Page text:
Reviewed by Colin Jacobson (July 18, 2022)
Given that I still think of Christina Ricci as adolescent Wednesday in 1991’s Addams Family, does it weird me out to see her as a 40-something who plays mothers? Yes, it does, but time marches on, and 2022’s Monstrous becomes the latest evidence of Middle-Aged Ricci.
Set in the 1950s, Laura Butler (Ricci) deals with the abuse of her ex-husband Scott (Matt Lovell). She takes her seven-year-old son Cody (Santino Barnard) and attempts to flee from this situation.
Situated in a remote location, Laura’s new life seems good, but matters change before long. Another issue arises that creates a serious threat to Laura and Cody.
On the surface, Monstrous feels like a difficult movie to discuss and still avoid spoilers. Suffice it to say that one shouldn’t take my plot synopsis at face value, as the movie throws out a mix of twists.
As much as I desire to leave those out of the review, I find myself tempted to relate them because it feels unlikely that the “curveballs” will genuinely startle anyone. Monstrous makes it obvious from early in its running time that it embraces fantasy, so the “surprises” feel borderline inevitable.
Monstrous works overtime to give Laura’s life a sense of unreality. For instance, her TV always seems tuned to the same ad in which Harriet Nelson sells Hotpoint appliances.
The movie doesn’t play this in a subtle manner that requires close attention. Indeed, it seems tough to imagine anyone who wouldn’t pick up on this weird “glitch in the matrix” quickly because the film shoves it in our faces so often.
The rest of the tale follows suit and leaves lots of breadcrumbs that we shouldn’t trust the reality of what we see. Monstrous plays like a TV sitcom fantasy of the 1950s, and it doesn’t take much insight to deduce the reason for this.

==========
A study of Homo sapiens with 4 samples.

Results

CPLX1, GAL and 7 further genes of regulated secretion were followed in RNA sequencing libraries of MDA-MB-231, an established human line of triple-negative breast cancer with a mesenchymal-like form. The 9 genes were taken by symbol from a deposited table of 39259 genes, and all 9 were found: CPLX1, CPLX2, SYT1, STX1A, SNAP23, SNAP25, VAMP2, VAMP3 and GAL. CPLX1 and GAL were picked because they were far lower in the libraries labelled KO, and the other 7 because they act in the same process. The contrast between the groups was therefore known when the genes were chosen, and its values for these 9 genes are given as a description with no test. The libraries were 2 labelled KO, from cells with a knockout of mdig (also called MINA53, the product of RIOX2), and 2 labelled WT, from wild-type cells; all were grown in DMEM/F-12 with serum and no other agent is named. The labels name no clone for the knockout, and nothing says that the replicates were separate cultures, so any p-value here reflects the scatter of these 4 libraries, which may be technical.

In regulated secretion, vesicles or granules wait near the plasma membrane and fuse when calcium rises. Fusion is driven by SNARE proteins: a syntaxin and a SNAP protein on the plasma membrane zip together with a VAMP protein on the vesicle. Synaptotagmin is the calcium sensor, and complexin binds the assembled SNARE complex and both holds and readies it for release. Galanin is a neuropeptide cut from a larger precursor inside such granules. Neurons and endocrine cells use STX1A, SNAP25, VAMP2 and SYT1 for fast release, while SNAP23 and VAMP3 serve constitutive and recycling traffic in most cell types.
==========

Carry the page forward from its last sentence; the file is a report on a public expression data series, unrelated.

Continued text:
Again: no spoilers here, so I won’t spell out the plot twists. I remain convinced that these will catch few – if any – viewers by surprise because the filmmakers make the subtext so obvious.
Honestly, I can’t remember the last time I saw a movie that invested so much in its shifting reality but hid its secrets so poorly. Monstrous lacks even the slightest tension because we already feel pretty sure where it will go.
Actually, the biggest surprise I encountered stemmed from how quickly I figured out the “big reveal” at the end. I tend to go with the flow when I watch movies, so I don’t hang on every detail/clue to figure out what’ll happen before it happens most of the time.
For instance, I’m not one of those people who claimed he deduced the finale of Sixth Sense in advance. I’m not an idiot – though others may disagree – but I just tend to view movies as a ride without the need to attempt to “outsmart” the filmmakers.
I say this to reinforce how poorly Monstrous hides its twists. If even a chump like me can figure out 99 percent of the movie’s “secrets” within the story’s first 15 minutes or so, then the filmmakers didn’t do their job well.
This leaves Monstrous as a slow path to the inevitable. Ricci gives a pretty good performance as our lead, but she can’t overcome the flaws in her role and convince us to invest in Laura.
I don’t feel that way because Ricci fails to form an engaging personality. However, the inevitability of Laura’s fate keeps the viewer disengaged from her journey.
Really, after 10 to 15 minutes of semi-intrigue, Monstrous becomes tedious because we simply grow impatient to see the lead character catch up to the reality of the events we already know. A thriller without tension doesn’t work.